CastleDrama: "The Crown" - Season 2, Episode 2
Attention: Spoilers ahead!
Frankly, the second season of "The Crown" thus far hasn't particularly enamoured me. The first season usually strived when we saw many of the main players get together - and thus far we haven't seen very much of that. The first episode saw the Duke of Edinburgh depart on his tour of the Commonwealth and the second episode is pretty much a glorified guys trip that even includes a beard growing competition. In the end, the focus on Philip in this episode is probably to humanise him. But first, he gives a speech about how much he loves navy life and how much he hates his official duties like opening the Olympics, "it will be hell", he says. Man, you must have a good life if opening the Olympic Games is such a horror to you.
In not too different news, his buddy and private secretary Mike Parker is one annoying chap. If you should ever find yourself part of a royal tour, don't write juicy letters about your latest adventures, sexual and otherwise, to your personal version of the "Thursday Club". It's bound to get you in trouble - and much of this episode actually revolves around how Parker's wife is contacting a solicitor to try and get a divorce - and how the solicitor's wife is a tennis partner of an acquaintance of the aunt of the sister-in-law of a palace staff and the grey men get wind of it. (Yep, it's s small world.) In general, I don't care much about the storyline considering that apparently the characters were only introduced for us to once again learn how much divorce in 1950's Great Britain is frowned upon. Thanks, we already got that courtesy of Princess Margareth and Peter Townsend for much of the latter half of the first season.
Meanwhile in London, Uncle Dickie Mountbatten is at it again conveniently explaining the viewer why the Suez crisis is just a disaster for Britain. And Elizabeth is left to pick of the pieces when her Prime Minister thinks its a good idea to leave the U.K. for Jamaica to convalescence practically abandoning the country. Generally though, all political problems are relegated to the sidelines of the second episode.
After opening the Olympics in Melbourne, Philip somehow thinks is a great idea to give an interview to a female journalist and for some reason assumes that "she is a friend, not an enemy". It's bound to be a disaster. Already the first question of the journalist, who - shocker - actually wants to ask questions doesn't sit well with the Duke of Edinburgh. Asked what he thinks of the Suez disaster, he answers "it's not my job [to give views on politics], it's not what members of the Royal Family do". At least he learned that one. The journalist digs deeper into Philip's family history and the pretty disastrous record of the Greek royal family in, well, Greece. "I learned early on not to take things for granted", is the only reply Philip gives. A bit of a surprising answer for a guy who most of the episode complains about his royal life and privileges.
When the journalist digs even deeper asking him about his feelings towards his parents, he eventually storms of after we get to see some flashbacks of young Philip seeing his mother taken away and the understatement of the century as he exclaims, "Both my mother and father played very active roles in in all their children's lives!" So there is a Philip beneath the facade. I hope though that you liked the metaphor of the stormy seas from the first episode because we get to see a whole lot more of it now. It's probably a foreshadowing of what's to come and ultimately for us to understand the Duke's position and feel sorry for him. The journalist keeps insisting that Philip must be angry at his parents and that traumatised by his childhood he must feel terribly insecure about his position. An A+ to this armchair psychologist of a journalist if there ever was one.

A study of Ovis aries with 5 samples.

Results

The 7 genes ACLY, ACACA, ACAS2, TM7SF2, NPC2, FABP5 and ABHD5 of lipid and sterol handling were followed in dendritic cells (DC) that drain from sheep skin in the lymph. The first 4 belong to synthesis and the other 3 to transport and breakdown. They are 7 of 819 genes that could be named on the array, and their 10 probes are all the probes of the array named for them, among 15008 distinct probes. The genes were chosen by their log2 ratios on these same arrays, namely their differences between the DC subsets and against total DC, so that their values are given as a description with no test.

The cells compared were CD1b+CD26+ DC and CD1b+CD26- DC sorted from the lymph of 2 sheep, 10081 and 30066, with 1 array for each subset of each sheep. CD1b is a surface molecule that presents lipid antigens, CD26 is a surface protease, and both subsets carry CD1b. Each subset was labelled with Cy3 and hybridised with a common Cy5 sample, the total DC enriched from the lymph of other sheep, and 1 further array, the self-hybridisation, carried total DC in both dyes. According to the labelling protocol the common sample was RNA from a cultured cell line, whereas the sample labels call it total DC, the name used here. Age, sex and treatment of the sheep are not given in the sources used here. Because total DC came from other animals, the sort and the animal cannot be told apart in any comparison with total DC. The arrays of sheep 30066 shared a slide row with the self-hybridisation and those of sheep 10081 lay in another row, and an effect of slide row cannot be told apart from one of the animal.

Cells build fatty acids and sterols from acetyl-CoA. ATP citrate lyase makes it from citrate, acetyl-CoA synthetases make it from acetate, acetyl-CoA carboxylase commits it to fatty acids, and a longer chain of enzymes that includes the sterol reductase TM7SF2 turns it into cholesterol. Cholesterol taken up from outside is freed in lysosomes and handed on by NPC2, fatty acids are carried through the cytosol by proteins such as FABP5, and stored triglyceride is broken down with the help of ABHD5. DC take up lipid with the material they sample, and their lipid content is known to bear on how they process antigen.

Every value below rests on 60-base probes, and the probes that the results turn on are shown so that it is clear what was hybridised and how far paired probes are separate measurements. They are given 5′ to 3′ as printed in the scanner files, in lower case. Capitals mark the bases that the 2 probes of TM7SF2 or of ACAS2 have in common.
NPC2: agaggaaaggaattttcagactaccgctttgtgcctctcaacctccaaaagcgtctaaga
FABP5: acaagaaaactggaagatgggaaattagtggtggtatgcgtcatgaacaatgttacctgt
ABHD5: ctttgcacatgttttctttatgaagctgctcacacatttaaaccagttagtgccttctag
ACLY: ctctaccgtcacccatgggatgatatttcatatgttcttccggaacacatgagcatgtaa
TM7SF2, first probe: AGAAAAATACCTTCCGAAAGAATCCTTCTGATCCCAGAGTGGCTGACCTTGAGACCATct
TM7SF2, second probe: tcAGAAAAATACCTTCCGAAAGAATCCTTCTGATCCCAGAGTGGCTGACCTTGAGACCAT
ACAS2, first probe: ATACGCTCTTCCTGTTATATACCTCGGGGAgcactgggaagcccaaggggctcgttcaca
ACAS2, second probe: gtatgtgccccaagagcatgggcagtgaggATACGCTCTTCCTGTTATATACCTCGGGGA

There's not much interaction between the royal couple at this point and the episode mostly drags along with pretty CGI images of remote places. We also get one final communications breakdown of the couple when Philip finally tries to call home but it's too bad as Elizabeth can hear him but he can’t hear her. It does a few endearing things though as he insists on bringing a rescued seaman back to his home and see him reunite with his family. He also ends up - a bit reluctantly - giving a Christmas speech from the Antarctic that finally strikes the right chords with his wife thousands of miles away as he speaks of how lonely he feels, sitting out on a boat on Christmas Day, so far away from his family. The Queen hears him and responds in her own message, telling him that their family is united and that she’s waiting for him at home.
By the end of this second episode, the royal marriage looks to be back on track and you wonder what will happen before the frosty reunion in Lisbon we already saw bits of in episode one. (Pssst, I suspect it has got to do with the annoying private secretary.) In general, I can't wait to see Elizabeth's and Philip's reunion and for this second season to gain some motion. It will also be interesting to see how much more we will get to see on the subject of Philip's own upbringing that have only been lightly touched on thus far. It's obvious that "The Crown" aims to paint a nuanced portrait of him, he is not an easy villain but despite all efforts it's also tough to take a liking to him thus far.